He has now retired—because of his health—from active management of the Indians. But he still has sharp eyes that give the impression of being permanently blackened from a hockey bout, a wide toothy grin and a pate three-quarters bereft of hair. He speaks slowly, almost ploddingly, and inhales deeply between phrases. His face betrays none of the effects of his hundreds of stitches. In fact, at 5'11", 185 pounds, he looks as if he could take on half the Springfield team. "But to me," he says, "the S64 question isn't whether you can take it."
Shore always has been able to take it. As a hockey player he absorbed physical abuse. As an owner and coach he absorbed verbal abuse.
"I'll tell you what's the matter," says Eddie. "Shore has always been in the wrong. He doesn't mean to be but he gets in people's bad graces. He's been outspoken even if it hurts."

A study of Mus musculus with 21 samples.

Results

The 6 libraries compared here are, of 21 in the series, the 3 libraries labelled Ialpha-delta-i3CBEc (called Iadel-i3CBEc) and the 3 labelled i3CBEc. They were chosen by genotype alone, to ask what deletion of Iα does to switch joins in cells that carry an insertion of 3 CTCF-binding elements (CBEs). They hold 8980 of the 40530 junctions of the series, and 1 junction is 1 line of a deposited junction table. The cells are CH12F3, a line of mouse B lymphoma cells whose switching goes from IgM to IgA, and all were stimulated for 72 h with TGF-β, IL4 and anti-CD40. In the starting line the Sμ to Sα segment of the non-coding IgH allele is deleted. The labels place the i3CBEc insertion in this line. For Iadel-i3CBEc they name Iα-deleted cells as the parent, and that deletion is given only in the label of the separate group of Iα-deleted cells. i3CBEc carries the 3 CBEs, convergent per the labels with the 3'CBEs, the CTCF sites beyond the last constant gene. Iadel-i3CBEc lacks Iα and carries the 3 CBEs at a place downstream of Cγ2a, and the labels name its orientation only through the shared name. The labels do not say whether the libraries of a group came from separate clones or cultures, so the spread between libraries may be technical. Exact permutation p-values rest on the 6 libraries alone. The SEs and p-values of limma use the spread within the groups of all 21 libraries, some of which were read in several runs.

But couldn't he easily change his image? Couldn't he get a press agent to spread the word about his philanthropy, his good traits? Couldn't Eddie talk about such things?
"I see no point in bragging," Shore says. "I've always felt the truth will out."
But, with Eddie, it has been almost impossible to separate truth from fiction. His life and his legend have become too interwoven. His bizarre behavior has been embellished in the stories about him, no doubt, but the stories have roots in truth.
"Most of us are a little crazy one way or another," Eddie Shore says. "Some of us admit it. As for me, I'm not sorry about anything I've done in my life. As long as I can be close to hockey I'm happy to be alive."